But what I find it hard to get my mind around is what it feels like to describe yourself with both male and female pronouns. I want to know: how does your body lead you to describe yourself that way? Or is there some kind of disconnect, and what caused it? What does “genderqueer” really mean?
How can we possibly tell someone who feels that their gender is centered in their body, who feels normatively sexed/gendered what it feels like to be liminal, living on the threshold, in neither one space or the other, but in both spaces at the same time?
My knowledge of who I am doesn’t shift much, but I have learned that my performance of gender has to shift depending on the point of view of the observer. How they see us defines how they understand us, and so we need to formulate some assumptions about how others see us.
Those assumptions, though, have to created though the experience of stigma, and stigma is a tool that authorizes abuse & dismissal.
When we are both he & she are we saying that we are two different and contradictory things? Or are we saying that we have the experience of being two different and contradictory things?
Until you have seen your gender shift in the eyes of someone you are engaged with, like when the police officer sees your driver’s liscence and stiffens, well, you don’t know what it’s like to feel the gender slip.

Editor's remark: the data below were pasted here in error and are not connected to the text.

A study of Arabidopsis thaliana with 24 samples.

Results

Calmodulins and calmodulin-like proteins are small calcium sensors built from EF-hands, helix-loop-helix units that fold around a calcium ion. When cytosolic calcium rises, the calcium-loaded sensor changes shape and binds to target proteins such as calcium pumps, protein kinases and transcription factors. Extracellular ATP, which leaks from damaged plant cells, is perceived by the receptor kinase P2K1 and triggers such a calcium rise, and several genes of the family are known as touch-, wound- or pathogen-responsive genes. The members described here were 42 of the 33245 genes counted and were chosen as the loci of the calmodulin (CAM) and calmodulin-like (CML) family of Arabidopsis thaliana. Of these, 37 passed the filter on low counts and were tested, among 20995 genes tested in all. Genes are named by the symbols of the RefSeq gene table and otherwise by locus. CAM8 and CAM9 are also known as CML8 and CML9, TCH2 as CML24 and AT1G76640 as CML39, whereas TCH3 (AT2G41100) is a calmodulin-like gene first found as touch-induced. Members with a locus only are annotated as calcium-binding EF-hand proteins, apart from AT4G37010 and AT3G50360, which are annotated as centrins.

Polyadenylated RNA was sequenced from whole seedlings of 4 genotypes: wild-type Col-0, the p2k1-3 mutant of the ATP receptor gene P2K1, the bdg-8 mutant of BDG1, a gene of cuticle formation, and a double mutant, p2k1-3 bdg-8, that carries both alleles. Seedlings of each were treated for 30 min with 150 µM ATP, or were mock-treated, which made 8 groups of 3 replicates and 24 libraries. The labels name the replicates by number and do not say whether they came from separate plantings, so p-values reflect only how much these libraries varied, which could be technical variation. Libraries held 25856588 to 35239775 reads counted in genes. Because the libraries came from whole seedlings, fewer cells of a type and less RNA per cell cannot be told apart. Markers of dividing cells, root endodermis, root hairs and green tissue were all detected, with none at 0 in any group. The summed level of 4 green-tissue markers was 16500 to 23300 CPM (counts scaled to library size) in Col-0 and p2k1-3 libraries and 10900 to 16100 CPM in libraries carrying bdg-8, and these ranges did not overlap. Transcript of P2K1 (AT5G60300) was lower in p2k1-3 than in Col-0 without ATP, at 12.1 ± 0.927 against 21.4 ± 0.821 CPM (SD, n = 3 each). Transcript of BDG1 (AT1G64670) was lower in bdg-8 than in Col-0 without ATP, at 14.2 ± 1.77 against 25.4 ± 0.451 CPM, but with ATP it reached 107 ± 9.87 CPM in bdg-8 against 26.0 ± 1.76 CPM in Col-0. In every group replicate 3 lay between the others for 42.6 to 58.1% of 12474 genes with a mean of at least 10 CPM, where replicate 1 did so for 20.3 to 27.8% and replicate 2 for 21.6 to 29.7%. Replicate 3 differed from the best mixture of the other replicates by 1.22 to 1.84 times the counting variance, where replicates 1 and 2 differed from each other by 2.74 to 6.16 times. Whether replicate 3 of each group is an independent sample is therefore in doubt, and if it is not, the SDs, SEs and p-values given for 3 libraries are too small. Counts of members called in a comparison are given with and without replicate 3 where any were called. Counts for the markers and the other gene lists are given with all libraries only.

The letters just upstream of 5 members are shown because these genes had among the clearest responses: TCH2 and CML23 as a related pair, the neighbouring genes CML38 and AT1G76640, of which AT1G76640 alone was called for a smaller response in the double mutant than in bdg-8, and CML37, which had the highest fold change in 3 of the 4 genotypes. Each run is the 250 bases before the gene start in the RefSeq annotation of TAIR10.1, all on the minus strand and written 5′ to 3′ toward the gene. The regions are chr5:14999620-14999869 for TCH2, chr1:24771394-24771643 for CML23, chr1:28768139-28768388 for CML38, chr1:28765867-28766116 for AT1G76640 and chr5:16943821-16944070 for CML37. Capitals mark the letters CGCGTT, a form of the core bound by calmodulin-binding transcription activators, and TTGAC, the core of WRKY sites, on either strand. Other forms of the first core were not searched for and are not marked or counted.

It’s so easy to gender slip for us, with another part of our experience or biology coming to the fore, that we know it is impossible to be one thing or another. The Guy-In-A-Dress Line, you know?
So is it any wonder that with that gender slip experience so many of us feel like we are both? Isn’t that better than feeling like we are neither, even if both feelings are a reflection of how we experience liminality, being on the threshhold?
“I was man, I was not man, I was woman, I was not woman,” Kate Bornstein said. You can’t not be something until you have been it, because you have to have been married to be divorced, have to have been immersed to be separated.
“The great thing about getting older is that you are still all the ages you have ever been,” said Madelaine L’Engle. And when I told that to Kate she immediately said “and all the genders!”
How does it feel to be both? Just a little better than it feels to be neither.